UKAEA has welcomed the Government’s endorsement for fusion energy in its new plan for combatting climate change.
The Ten Point Plan for a Green Industrial Revolution includes fusion on the UK’s pathway for transforming the country’s energy provision by 2050, alongside renewables, nuclear fission, hydrogen, carbon capture and electric transport and other green technologies.
In particular, the Government reaffirms its commitment to UKAEA’s STEP (Spherical Tokamak for Energy Production) programme, which aims to build a prototype fusion power plant in the UK in the early 2040s.
The Government plan states: “We are doubling down on our ambition to be the first country in the world to commercialise fusion energy technology, enabling low carbon and continuous power generation.
“We are already providing £222 million for the visionary STEP programme, which aims to build the world’s first commercially viable fusion power plant in the UK by 2040, and £184 million for new fusion facilities, infrastructure and apprenticeships to lay the foundations of a global hub for fusion innovation in the UK.”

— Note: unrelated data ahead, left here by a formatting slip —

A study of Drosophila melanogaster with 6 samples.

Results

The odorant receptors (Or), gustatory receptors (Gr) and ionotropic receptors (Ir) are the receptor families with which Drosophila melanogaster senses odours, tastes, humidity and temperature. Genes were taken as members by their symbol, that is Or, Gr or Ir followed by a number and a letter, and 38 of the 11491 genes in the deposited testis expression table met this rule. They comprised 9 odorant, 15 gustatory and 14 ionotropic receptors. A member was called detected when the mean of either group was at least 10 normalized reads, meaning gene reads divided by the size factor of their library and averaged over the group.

Design work for STEP is well underway and the search for a site to host the plant will soon be launched.
Professor Ian Chapman, CEO of UKAEA and Head of Culham Centre for Fusion Energy, said:
“The Government’s ten-point plan lays a path for how the UK can combat climate change. UKAEA is delighted to see fusion included in the plan and the Government’s continued support for realising its huge potential.
“The UK’s Spherical Tokamak for Energy Production power plant aims to be one of the first in the world producing electricity from fusion power. This will open the way for fusion to provide safe, sustainable, green energy around the world.”